Lately I’ve been including brief reviews of the recipes I made the previous week along with my weekly menu plans. Short reviews are great, but this past week I had incredible success with 2 of the recipes I tried out and it seemed fitting that they receive a little more attention. I’m so pleased that I was able to spend some real time in the kitchen last week and finally make some new recipes; the past several weeks just haven’t lent themselves to that as much as I’d like.
In the past, I’ve made a few different successful spaghetti squash dishes. But when I saw this recipe pop up on Ari’s Menu I couldn’t wait to try it. Spaghetti squash is available from our farm at the beginning of fall and I’m trying to make the most of it while it’s around. Plus I love lasagna. As there are only two of us, I immediately halved the recipe, using only 1 good size spaghetti squash. I followed Ari’s instructions for cooking the spaghetti squash. For the filling, I knew I didn’t want to use meat, despite the fact that it sounded delicious. So I heated about 12 ounces of jarred tomato sauce and a 15 ounce can of cannellini beans in a small pot on the stove. When it came time to fill the squash halves, I followed the instructions of adding the cottage/ricotta cheese mixture, followed by the sauce and beans and topping with the shredded mozzarella.
I cannot wait to make this dish again. With the possible exception of cutting the spaghetti squash in half (which scares me, so I always make Brian do it), this recipe is so easy. Yes, it takes some time because the squash has to be roasted, but that time is completely hands off. The flavor was amazing and I felt good about eating a meal that was grain free but didn’t taste like a pile of vegetables. The rich, cheesy, satisfying flavor of lasagna was definitely present. We may be eating it for lunch again this week.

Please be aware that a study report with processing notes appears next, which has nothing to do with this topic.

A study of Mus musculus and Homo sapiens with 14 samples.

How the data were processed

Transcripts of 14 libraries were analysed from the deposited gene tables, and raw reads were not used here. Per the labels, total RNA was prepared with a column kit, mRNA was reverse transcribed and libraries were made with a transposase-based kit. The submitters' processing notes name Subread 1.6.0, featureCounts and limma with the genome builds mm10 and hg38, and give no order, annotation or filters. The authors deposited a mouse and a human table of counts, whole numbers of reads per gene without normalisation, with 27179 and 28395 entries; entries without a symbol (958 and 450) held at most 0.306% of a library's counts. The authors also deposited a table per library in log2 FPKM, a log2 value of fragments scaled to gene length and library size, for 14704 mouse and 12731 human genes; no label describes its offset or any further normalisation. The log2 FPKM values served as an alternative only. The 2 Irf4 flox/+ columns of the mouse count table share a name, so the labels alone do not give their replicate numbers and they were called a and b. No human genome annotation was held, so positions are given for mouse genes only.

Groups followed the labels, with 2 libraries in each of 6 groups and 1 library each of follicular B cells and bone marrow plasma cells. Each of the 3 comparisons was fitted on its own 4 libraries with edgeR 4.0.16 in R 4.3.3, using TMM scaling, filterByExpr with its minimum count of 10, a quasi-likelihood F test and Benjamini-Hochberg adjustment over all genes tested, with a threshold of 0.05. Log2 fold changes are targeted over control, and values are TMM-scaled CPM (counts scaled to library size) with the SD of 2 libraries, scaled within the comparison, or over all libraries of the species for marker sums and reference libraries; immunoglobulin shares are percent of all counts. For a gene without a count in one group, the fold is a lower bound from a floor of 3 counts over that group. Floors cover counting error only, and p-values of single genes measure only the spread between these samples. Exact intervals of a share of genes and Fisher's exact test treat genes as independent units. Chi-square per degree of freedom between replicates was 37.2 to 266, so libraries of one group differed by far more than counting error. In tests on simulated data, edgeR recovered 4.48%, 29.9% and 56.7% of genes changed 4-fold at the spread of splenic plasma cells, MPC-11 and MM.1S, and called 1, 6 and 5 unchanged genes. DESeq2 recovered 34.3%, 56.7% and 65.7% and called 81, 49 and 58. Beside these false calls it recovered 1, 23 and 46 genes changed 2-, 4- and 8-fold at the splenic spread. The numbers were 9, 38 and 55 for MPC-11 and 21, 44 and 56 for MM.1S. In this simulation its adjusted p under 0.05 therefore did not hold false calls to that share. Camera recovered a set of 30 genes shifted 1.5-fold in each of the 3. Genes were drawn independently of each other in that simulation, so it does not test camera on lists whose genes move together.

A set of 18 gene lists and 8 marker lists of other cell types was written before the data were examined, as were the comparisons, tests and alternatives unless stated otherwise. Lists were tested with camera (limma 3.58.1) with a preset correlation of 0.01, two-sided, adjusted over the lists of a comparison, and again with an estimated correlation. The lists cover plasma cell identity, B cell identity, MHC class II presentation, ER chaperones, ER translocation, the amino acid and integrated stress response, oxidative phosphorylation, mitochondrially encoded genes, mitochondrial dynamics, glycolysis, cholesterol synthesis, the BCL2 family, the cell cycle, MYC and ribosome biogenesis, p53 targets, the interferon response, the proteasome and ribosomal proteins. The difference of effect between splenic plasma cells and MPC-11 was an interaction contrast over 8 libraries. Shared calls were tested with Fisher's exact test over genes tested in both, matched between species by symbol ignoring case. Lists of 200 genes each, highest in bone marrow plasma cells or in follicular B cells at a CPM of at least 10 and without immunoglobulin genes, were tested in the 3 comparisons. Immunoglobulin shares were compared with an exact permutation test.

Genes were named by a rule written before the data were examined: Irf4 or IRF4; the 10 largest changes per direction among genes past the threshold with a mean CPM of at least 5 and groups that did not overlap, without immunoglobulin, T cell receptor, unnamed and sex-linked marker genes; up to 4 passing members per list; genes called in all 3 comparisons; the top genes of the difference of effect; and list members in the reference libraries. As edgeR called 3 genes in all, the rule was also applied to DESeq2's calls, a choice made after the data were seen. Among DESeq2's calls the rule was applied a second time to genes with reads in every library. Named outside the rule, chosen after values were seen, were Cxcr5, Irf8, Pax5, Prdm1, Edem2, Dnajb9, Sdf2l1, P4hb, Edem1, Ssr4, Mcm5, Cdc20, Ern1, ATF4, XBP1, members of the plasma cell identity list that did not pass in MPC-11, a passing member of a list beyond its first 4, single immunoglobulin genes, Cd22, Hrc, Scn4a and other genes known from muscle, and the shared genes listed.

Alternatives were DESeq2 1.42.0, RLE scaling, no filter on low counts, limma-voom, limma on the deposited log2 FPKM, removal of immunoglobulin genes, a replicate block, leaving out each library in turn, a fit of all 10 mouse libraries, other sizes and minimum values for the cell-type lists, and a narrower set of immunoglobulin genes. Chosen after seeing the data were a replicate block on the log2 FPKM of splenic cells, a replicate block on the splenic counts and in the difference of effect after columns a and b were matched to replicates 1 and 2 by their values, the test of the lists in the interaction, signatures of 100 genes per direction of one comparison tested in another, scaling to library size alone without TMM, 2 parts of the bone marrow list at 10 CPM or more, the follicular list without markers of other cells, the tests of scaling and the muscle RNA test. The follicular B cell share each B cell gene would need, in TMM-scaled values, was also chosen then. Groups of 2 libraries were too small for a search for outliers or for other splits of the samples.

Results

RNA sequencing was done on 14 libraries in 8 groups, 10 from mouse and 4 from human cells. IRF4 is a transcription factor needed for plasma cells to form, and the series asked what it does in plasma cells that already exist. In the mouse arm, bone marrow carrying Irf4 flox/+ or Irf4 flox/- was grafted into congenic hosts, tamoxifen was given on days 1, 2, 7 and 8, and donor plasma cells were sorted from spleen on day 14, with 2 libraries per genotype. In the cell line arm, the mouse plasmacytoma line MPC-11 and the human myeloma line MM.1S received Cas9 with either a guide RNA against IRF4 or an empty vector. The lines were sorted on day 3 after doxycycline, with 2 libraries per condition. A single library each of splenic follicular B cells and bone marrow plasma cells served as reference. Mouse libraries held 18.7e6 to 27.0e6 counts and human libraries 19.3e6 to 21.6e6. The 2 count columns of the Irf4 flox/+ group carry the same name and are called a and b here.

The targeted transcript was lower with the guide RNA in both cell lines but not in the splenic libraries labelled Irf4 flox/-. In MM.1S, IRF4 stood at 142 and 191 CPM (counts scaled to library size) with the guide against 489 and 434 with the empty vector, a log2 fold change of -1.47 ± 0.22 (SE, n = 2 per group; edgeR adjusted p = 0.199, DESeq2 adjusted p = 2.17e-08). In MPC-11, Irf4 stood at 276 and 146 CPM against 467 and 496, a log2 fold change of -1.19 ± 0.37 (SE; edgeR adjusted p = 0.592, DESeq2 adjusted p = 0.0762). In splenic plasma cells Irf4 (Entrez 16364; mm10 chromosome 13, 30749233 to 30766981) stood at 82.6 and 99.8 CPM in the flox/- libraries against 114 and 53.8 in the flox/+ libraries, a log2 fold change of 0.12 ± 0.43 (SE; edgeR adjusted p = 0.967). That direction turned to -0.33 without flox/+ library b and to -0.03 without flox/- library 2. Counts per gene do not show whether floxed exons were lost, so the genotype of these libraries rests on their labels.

After reading through this recipe and discovering that it required some work on the stove top and only 4 hours of cooking in the slow cooker, I decided to make the stove top variation. I don’t regret that decision one bit. I started the recipe as written, in my 5 quart Dutch oven. When I reached the part of the recipe that said “pour this onion-potato mixture into the bowl of your slow cooker”, I just ignored it and added the rest of the ingredients to the Dutch oven. All of the vegetable ingredients, with the exception of the canned tomatoes, were available at our CSA, which was awesome. After 40 minutes of simmering the covered pot, I checked the stew and found that the potatoes were done. At that point I added a few handfuls of chopped kale because that’s what I had on hand from the farm and a can of coconut milk.
Brian and I were both really happy with this recipe. It looks like we’ll end up getting about 8 servings out of it. The first night I served the stew over some barley, since then we’ve enjoyed it atop rice. The number of servings you’ll get will vary based on your stew to grain ratio. We found that this recipe definitely tasted like Indian curry, but it’s not spicy. You could certainly up the spice level by using hotter curry or adding more cayenne. I like spicy food, but as we’re eating this for several meals I don’t want to be repeatedly overwhelmed by heat, especially during lunch at school.